Dopo 80 anni di libera circolazione tra Irlanda e Regno Unito, ovvero da quando nel 1922 l’Irlanda è diventato uno stato libero. Questo è quanto sancisce una nuova normativa promulgata il 15 gennaio dal Parlamento del Regno Unito.
Nei prossimi cinque anni verrà messo a punto un sistema elettronico, del valore di miliardi, che controllerà i passaporti di circa 15 milioni di persone, che ogni anno viaggiano tra Irlanda e Regno Unito.
In secondo luogo questo sistema dovrebbe anche fungere da deterrente all’immigrazione clandestina.
L’obbligo di passaporto è previsto solo per chi si muove tra Irlanda e Regno Unito attraverso le vie aeree o marittime. La nuova imposizione non riguarda invece le 224 miglia di confine tra Repubblica di Irlanda ed Irlanda del Nord.
Contrariamente a quanto proponeva il progetto di legge, non sarà introdotto l’obbligo del passaporto per chi viaggia tra Belfast e Regno Unito, grazie alla forte opposizione dei Conservatori e dell’Ulster Unionist.
Nello stesso momento in cui la legislazione è stata pubblicata a Londra il 15 gennaio, il governo irlandese ha annunciato che introdurrà un nuovo sistema di controllo delle frontiere a partire dal prossimo anno.
Irish, UK travellers now need passport checks (UK Visa Bureau)
After 80 years of free movement, Irish and UK nationals will now need to have the passports formally checked at border controls, according to the UK Parliament’s new legislation published yesterday, 15th January.
Over the next five years, the government will gradually introduce a multibillion-pound electronic system monitor the 15 million people who travel between the Britain and Ireland annually, reports the Guardian.
The border between the Irish Republic and Britain had been a common travel area since the Irish Free State was established in 1922. The Irish government has also confirmed it would introduce a new border security system to monitor illegal immigration.
The UK Visa Bureau is an independent consulting company specialising in UK visa and immigration services.
UK-Irish travellers to face passport checks
Tighter border controls on air and sea routes to end 80 years’ free movement
Fifteen million a people a year who travel by air or sea between Britain and the Irish Republic will face formal passport checks for the first time in more than 80 years, under immigration legislation published today .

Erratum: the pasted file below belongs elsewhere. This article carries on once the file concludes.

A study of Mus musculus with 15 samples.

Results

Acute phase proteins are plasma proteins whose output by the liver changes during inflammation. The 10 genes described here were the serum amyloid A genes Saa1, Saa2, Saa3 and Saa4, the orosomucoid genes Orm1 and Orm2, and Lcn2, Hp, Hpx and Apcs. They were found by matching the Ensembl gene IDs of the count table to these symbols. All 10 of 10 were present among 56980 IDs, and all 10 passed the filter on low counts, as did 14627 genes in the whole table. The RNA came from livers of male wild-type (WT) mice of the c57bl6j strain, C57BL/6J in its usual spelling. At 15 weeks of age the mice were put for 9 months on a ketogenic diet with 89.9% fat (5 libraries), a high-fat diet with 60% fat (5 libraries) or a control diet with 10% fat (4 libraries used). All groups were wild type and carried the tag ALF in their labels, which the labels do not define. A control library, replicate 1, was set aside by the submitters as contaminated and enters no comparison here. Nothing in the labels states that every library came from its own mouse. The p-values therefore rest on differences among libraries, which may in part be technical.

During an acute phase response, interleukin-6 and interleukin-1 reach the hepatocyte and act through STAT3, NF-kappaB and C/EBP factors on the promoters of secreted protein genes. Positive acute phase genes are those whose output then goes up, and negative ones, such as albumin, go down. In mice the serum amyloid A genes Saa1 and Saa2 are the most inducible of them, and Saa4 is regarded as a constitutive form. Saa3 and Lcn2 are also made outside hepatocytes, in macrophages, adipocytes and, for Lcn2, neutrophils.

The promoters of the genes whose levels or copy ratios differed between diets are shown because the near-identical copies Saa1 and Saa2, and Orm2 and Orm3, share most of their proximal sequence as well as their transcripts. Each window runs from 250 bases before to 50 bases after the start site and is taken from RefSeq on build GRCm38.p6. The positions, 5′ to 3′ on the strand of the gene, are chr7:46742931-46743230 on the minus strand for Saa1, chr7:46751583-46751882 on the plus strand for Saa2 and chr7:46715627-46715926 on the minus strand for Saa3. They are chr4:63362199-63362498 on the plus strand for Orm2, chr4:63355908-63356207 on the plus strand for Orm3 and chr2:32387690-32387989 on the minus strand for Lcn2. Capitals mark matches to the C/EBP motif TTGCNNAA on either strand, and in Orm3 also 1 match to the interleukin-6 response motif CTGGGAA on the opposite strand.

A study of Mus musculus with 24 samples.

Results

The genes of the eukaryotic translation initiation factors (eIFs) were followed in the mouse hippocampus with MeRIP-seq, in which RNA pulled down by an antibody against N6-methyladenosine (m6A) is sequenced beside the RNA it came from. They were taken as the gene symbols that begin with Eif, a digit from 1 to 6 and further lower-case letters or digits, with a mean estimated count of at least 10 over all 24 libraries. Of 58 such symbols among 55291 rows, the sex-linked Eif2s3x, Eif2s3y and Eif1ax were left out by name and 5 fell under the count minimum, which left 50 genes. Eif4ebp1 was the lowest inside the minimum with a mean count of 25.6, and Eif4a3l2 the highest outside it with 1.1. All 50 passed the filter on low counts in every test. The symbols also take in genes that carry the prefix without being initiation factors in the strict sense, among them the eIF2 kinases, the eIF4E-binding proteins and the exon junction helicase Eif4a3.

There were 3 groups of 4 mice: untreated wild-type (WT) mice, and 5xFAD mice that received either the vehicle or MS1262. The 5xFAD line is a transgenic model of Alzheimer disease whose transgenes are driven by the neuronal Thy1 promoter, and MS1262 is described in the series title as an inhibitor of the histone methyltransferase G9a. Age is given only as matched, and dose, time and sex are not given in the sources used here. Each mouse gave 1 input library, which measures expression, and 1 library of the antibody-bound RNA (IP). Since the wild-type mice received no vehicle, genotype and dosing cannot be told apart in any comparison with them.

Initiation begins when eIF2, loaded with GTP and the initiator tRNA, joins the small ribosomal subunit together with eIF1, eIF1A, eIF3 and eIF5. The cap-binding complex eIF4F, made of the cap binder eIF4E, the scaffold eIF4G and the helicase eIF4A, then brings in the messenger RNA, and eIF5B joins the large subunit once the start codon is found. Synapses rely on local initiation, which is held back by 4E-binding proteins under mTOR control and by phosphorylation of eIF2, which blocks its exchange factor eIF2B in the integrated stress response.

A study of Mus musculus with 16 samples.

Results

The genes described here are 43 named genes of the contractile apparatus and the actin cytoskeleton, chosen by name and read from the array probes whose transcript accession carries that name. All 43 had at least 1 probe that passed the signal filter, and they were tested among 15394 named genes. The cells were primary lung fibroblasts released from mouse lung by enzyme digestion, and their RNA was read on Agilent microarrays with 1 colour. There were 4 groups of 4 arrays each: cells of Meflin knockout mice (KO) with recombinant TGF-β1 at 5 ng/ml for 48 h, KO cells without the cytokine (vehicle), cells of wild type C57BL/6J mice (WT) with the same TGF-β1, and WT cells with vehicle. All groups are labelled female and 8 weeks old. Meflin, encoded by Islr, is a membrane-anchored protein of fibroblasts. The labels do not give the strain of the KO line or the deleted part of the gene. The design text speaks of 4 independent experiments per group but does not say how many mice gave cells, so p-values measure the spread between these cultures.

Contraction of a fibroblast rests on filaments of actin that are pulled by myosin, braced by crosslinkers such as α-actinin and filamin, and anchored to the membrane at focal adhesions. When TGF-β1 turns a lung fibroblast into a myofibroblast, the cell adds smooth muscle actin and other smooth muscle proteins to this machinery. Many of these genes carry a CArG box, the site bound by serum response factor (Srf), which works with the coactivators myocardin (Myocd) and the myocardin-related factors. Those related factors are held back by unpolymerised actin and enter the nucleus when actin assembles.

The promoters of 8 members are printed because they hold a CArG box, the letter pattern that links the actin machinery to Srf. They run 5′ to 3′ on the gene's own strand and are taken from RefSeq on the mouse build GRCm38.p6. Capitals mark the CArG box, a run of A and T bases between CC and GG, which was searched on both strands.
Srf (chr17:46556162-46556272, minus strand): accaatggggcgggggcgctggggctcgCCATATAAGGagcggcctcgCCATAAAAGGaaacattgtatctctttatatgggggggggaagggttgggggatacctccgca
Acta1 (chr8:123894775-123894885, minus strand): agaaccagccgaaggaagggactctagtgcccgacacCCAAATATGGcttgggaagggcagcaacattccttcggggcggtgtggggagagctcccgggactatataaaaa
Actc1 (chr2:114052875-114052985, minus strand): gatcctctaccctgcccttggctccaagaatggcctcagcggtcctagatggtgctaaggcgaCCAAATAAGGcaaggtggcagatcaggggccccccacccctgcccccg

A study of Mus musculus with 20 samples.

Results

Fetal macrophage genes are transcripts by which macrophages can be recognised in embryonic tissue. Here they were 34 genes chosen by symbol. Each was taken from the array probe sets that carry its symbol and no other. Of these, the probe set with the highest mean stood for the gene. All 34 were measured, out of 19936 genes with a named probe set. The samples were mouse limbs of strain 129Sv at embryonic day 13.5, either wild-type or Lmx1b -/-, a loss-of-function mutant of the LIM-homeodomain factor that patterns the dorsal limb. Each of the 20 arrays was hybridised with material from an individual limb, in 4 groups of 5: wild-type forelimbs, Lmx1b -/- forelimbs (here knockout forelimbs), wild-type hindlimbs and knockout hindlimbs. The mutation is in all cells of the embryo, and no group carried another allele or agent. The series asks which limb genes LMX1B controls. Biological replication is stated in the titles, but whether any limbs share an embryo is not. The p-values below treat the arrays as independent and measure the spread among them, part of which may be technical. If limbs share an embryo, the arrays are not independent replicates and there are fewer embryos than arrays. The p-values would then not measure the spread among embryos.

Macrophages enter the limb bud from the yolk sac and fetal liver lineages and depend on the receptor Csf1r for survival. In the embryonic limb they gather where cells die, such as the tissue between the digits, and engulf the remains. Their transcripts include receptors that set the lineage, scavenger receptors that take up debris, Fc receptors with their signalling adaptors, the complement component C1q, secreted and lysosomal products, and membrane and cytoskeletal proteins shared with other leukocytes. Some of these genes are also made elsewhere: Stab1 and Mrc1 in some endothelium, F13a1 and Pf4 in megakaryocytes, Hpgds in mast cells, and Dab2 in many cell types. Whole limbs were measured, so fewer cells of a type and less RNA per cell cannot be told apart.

But no compulsory passport checks are to be imposed on the 224-mile land border between the republic and Northern Ireland, although ad hoc “intelligence-led” immigration checks will be carried out by mobile teams of Border Agency staff.
Ministers say the proposal in the citizenship and immigration bill will “plug a critical gap” in Britain’s border security as they introduce the multibillion pound “electronic border” over the next five years. The programme will enable travellers to be checked against watch lists before they get on the plane or ferry.
The legislation will bring to an end the common travel area between the republic and Britain, which dates back to the creation of the Irish Free State in 1922. Apart from limited attempts to control the land border during and after the second world war the common travel area has been a free movement zone for more than 80 years.
A Home Office impact assessment published alongside the bill acknowledged the possibility of large queues building up as a result of the introduction of the passport checks, particularly at Welsh ferry ports for those coming from Ireland. Officials hope to minimise such delays.
At the same time as the legislation was published in London yesterday, the Irish government announced that it will introduce its own new border control system from next year. The Irish justice minister, Dermot Ahern, said the Irish border information system would also screen for illegal migrants by checking travel data collected by airlines and ferry companies before departure and checking it against watch lists.
A British proposal to introduce passport checks for those who fly from Belfast to the rest of the UK was dropped after strong opposition from Conservatives and Ulster Unionists. The imposition of border controls will however also apply to those who travel between Britain and the Isle of Man, Jersey and Guernsey.
The citizenship and immigration bill introduces radical reforms to British citizenship, including the introduction of a requirement for migrants to speak English and obey the law if they want to get a British passport.